Ideas. Action. Impact. The Washington Institute for Near East Policy The Washington Institute: Improving the Quality of U.S. Middle East Policy

Other Pages

Policy Analysis

Congressional Testimony

Women's Education: Promoting Development, Countering Radicalism

Hedieh Mirahmadi

Also available in العربية

House Committee on Foreign Affairs

April 3, 2014


Increasing access to quality secular education can create better jobs for women and reduce some of the economic drivers of radicalization; educated women can in turn play a pivotal role in inoculating their children and communities against the radical narratives used to recruit followers.

Below are Dr. Mirahmadi's concluding recommendations; download the PDF to read her full testimony, or watch video of the entire hearing.

The following is a list of recommendations from activists in Afghanistan and Pakistan, but they are important principles for any development and education initiatives focused on countering violent extremism (CVE).

Consistently Involve Women in Peace Processes. To date, civil society activists, particularly women, are only marginally included in major peacebuilding and national reconciliation conferences. Greater efforts should be made to invite female regional activists, especially those outside of urban centers. These community leaders are an essential part of creating local buy-in for any peacebuilding efforts especially in countries like Afghanistan and Pakistan, where the central government's reach is either limited or considered corrupt.

Prioritize Funding for Training and Skills-building Programs for Female Activists. The US should prioritize funding for building the capacity of women-led civil society organizations (CSOs) that work in the field of education, peacebuilding, and nonviolence. Training in skills such as non-profit management, fiscal responsibility, civic engagement, coalition building, communications training, and social media skills are consistently requested by activists on the ground. Special effort should be made to make the training available for women-led grassroots and/or un-registered organizations outside of main city centers.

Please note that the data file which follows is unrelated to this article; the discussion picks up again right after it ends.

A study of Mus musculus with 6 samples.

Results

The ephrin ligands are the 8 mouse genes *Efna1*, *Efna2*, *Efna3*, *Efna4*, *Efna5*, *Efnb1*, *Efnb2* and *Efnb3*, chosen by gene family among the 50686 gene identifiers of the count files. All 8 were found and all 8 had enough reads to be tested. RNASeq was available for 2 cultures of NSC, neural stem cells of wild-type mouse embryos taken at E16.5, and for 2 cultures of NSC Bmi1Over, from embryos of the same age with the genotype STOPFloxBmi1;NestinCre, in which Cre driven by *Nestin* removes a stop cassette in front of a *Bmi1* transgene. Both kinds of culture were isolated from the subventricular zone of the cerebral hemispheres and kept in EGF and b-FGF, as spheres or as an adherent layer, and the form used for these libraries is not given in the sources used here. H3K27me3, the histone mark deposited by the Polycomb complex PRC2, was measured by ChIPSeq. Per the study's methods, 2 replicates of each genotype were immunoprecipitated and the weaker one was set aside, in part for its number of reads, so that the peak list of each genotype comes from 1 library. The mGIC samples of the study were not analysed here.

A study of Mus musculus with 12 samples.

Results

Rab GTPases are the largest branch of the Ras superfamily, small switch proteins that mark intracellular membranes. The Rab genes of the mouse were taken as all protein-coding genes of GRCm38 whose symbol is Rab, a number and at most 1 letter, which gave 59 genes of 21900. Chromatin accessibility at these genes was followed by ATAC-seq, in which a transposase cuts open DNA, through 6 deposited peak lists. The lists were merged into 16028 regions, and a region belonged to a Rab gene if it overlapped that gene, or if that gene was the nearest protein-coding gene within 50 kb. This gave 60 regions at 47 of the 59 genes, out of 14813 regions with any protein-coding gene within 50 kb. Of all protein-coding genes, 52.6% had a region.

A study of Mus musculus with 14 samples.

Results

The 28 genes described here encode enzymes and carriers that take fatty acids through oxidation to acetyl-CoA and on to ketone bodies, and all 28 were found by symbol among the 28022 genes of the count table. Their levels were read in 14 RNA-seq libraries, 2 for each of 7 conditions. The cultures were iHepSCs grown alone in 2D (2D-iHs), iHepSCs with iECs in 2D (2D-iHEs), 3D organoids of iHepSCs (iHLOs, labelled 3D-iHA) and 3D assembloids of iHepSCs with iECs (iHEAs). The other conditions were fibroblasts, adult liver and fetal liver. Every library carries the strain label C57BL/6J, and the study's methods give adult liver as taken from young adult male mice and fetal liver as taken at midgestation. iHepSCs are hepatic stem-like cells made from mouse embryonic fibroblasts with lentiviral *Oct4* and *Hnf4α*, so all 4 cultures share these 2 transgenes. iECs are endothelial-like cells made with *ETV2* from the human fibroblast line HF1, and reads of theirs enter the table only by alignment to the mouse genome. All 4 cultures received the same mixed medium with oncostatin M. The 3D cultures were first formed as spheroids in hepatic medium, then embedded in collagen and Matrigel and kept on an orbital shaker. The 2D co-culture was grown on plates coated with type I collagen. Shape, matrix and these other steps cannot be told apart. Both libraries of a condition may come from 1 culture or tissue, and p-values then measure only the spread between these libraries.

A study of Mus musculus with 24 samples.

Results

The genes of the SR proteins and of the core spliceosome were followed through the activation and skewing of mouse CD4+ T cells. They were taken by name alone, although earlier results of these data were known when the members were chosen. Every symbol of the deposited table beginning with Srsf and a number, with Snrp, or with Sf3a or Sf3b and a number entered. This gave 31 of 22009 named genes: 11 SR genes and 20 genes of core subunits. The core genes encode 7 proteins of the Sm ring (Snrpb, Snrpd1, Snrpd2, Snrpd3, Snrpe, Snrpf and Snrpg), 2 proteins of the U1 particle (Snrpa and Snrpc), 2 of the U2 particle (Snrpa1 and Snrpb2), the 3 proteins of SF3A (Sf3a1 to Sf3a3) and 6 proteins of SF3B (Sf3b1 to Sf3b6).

Improving Grant Allocation Processes to Include Women's Groups. It is important to expand the base of grant recipients from US funding sources so more organizations are empowered to effect change in their communities. The current grant amount for many of the requests for proposals at USAID or the State Department is larger than most CSOs can absorb, so they lose out on funding opportunities. This can be resolved by requiring the larger grant recipients to provide at least several smaller grants to local organizations.

Fund Exchanges of Women Activists Who Have Experience in CVE. The US government can use its power as a facilitator and convener to host regular exchanges of female activists from countries facing political instability and violent extremism so they can share experiences and learn from one another's best practices. For example, the women in Kandahar who organized a peace rally can empower women in Yemen with real life examples of how to do the same in their country. It is important to take the local successes and give them a global reach.

Empower the Next Generation of Female Leaders. Although young female activists may have the passion and determination to lead counter-extremism programs, they need substantial training in social mobilization, civic engagement, and leadership development to reach their full potential.

Cultivate Relationships with Women in the Diaspora. Women activists in the US who come from countries facing violent extremism have an immense potential to enhance the strength and growth of civil society abroad. The USG should engage these activists in frequent roundtables to inform policy and development initiatives that are targeted at these countries. The State Department's US-Pakistan Women's Council and the US-Afghanistan Women's Council are excellent forums that should be replicated with other diaspora communities.

Establish Consistent Benchmarks for Identifying Local Partners. More refined screening processes will be required to properly vet local partners. Several international organizations, for example, noted that due to logistical limitations they are not able to perform background checks on partners to verify that they are not associated with violent extremism. As we engage more partners for peacebuilding initiatives, it is vital that we develop a set of benchmarks for collaboration. Specifically, we should expect local partners to share our values in promoting social cohesion and pluralism, respecting religious freedom, and advocating non-violent solutions to conflict.